October 14, 2012

An Odd Way to Give Thanks -- Pamela Mytroen

Sometimes God has a funny way of asking us to be thankful. Take, for instance, the Jewish Festival of Booths. It falls after their harvest, coinciding with our Canadian Thanksgiving.

After God cared for the Hebrews in the desert for 40 years, He asked them to set aside a week every fall to remember his provision. Jewish law expects every family, to this day, to build a ‘booth’ or a ‘tent’ and to live in it for a week. The law demands that it must be made from something that grows from the ground, such as wood or corn-stalks.

Even more unusual is that the twigs or wood on the roof must be spaced far enough apart to allow the rain to come through. I'm not sure about you but I don't like leaky tents. 

Also, those same openings are to allow the star-light to shine in.

At first glance, it's strange, but maybe that faint scent of rain while lying in a stifling tent wouldn't be so bad! And to feel the hint of a breeze and taste the first sweet raindrop that plops on your cheek? Hmmmm... And at night, what could be better than laying on your back with your arms behind your head, and gazing up at the twinkling Heavens? 

It may be an odd way to give thanks, but it may also carry a profound meaning. Jesus claimed to be Living Water. Living off the land where lack of rain meant starvation, the Jewish people would have blinked and raised their eyebrows when Jesus made such a bold statement. They could taste the wind-blown salt of the Dead Sea which was close by. Jesus declared to be the opposite – to save them from death with His own source of water.  And, in fact, it was on the final day of this Jewish Festival of Booths that Jesus made this assertion. He stood up in the Tabernacle and said, “If any one thirsts, let Him come to me and drink” (John 7, The Message).

Jesus also professed to be the Light of the World.

Maybe it's not so far out, then, that He asks us to crack open our wooden hearts, to push aside some of the busyness of our own brittle booths and take time to remember his care. To allow the fragrance of rain to awaken our stagnant souls, and to welcome his life-giving, soul-cleansing downpour!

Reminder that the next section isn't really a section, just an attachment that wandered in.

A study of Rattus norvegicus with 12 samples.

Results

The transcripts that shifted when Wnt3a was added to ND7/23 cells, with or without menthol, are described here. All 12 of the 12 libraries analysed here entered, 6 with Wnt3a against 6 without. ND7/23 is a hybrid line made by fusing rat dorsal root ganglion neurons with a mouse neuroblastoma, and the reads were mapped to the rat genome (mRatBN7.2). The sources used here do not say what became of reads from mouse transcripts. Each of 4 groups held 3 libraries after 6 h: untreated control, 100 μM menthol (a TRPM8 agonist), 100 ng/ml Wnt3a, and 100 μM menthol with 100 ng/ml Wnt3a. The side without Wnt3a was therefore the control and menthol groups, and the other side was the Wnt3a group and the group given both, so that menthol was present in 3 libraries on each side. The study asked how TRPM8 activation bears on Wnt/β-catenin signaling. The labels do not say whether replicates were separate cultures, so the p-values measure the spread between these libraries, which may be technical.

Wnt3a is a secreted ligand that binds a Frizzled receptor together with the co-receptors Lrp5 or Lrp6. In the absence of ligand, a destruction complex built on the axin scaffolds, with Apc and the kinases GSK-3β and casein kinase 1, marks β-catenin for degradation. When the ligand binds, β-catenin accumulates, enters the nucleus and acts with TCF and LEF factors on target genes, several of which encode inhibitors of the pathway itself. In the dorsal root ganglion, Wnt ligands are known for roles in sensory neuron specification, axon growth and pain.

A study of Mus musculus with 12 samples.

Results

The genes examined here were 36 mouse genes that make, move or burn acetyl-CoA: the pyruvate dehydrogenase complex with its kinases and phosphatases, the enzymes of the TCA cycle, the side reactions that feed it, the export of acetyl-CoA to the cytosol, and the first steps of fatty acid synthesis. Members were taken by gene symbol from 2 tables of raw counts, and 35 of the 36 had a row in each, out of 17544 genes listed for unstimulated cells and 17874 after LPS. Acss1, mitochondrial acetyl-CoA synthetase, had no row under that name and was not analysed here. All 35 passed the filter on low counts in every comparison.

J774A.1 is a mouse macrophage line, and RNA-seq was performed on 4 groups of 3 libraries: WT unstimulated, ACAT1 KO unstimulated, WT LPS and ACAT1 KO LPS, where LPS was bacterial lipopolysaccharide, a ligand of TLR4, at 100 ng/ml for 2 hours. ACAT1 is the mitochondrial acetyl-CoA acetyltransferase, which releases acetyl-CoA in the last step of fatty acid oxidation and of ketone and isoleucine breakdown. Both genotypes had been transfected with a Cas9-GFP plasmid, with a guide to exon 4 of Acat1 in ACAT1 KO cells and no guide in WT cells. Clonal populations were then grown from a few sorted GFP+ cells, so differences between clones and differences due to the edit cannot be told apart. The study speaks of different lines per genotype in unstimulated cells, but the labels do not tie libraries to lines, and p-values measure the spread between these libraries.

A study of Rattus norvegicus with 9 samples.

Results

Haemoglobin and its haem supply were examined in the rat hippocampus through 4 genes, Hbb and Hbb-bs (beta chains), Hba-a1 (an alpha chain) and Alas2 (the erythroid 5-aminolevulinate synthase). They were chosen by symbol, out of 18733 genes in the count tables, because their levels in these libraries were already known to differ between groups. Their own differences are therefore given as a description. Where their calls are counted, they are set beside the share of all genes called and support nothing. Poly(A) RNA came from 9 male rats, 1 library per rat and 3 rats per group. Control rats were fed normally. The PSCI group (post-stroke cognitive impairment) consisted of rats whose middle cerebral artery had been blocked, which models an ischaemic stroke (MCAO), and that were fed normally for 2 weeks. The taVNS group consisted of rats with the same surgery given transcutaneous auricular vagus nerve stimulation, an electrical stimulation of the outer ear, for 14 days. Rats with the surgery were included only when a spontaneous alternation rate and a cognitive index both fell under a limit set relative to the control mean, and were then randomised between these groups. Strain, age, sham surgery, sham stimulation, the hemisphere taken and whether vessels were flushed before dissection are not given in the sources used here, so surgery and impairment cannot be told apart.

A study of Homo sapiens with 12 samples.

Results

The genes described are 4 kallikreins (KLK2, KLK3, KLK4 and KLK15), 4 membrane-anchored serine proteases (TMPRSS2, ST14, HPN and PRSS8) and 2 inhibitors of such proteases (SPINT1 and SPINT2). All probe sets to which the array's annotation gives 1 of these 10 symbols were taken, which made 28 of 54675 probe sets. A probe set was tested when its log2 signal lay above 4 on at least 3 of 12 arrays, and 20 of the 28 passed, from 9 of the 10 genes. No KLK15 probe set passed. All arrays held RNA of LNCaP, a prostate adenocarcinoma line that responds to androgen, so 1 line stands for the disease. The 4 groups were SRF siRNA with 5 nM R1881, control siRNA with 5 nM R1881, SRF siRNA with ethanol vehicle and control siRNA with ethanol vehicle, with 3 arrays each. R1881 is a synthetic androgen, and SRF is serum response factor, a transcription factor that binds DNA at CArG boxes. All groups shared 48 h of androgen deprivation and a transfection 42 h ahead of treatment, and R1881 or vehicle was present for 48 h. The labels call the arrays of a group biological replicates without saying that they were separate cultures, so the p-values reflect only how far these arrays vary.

And in our dark hours when our hearts are heavy, He wants us to know that, though He’s silent as starlight, He’s still there. He only asks us to lay down. Rest. Peel back our worry just a crack. Allow His peace to filter in and spill over us like sleep.

In the booth of a humble heart, let’s thank the Lord for providing Jesus. And along with the Jewish people, who recite Psalm 27 during this Festival, let us proclaim together, “The Lord is my Light and my Salvation” (Psalm 27:1a).

By Pamela Mytroen


  1. I too appreciated your thoughts. Rain coming through a stifling hot tent caught my ear especially.

  2. I get so excited about stuff like this. Thanks for stopping by, girls!

  3. Like Tracy, I like your analogy. Your reminder of another way to celebrate Thanksgiving made me think that sometimes God takes us out of our comfort zones to help us appreciate how good we have it.

    Although I used to love camping, I remember coming home from roughing it and being thankful for my home, my bed, hot and cold running water, and my electric stove. Leaky tents can teach us many things.

  4. Thanks for explaining the Festival of Booths. I wasn't familiar with all the details and enjoyed your explanation.
    Sometimes it's helpful to think of celebrations from a different context. Thanks for helping us do that.
    By the way, this year I was reminded that our Thanksgiving celebrations are very North American. My husband works with a fellow from France and this year was the first time he celebrated Thanksgiving because they have no such holiday over there!

  5. Thanks for your thoughts, girls. I appreciate my own bed and running water, too, Sharon, and like you said, camping can help us appreciate the luxuries we have.
    Ruth, thanks for your thoughts too. Wow, I didn't realize that our Thanksgiving was so local. I always thought of it as more universal!

  6. Pam, I love the imagery you use to compare the Festival of Booths to our relationship with Jesus. I'm always intrigued to learn more about the ancient Jewish practices, festivals, etc. It broadens my understanding of God's sometimes very mysterious ways.


  7. Thank you Marcia. Yes! I'm intrigued by their festivals, too, and how much we can learn about our faith from them.

  8. What a great read!

    Just today read a newsletter from a missionary who is currently out of his restricted access nation and waiting in Dubai for his family's safe passage back. He described the reaction of the people there to rain as like a combo of Christmas and Disneyland. They drove for miles for their kids to be able to play in a natural stream.

    Keeping that reaction in mind, those holey 'tents' make a lot of sense, in the way you point out.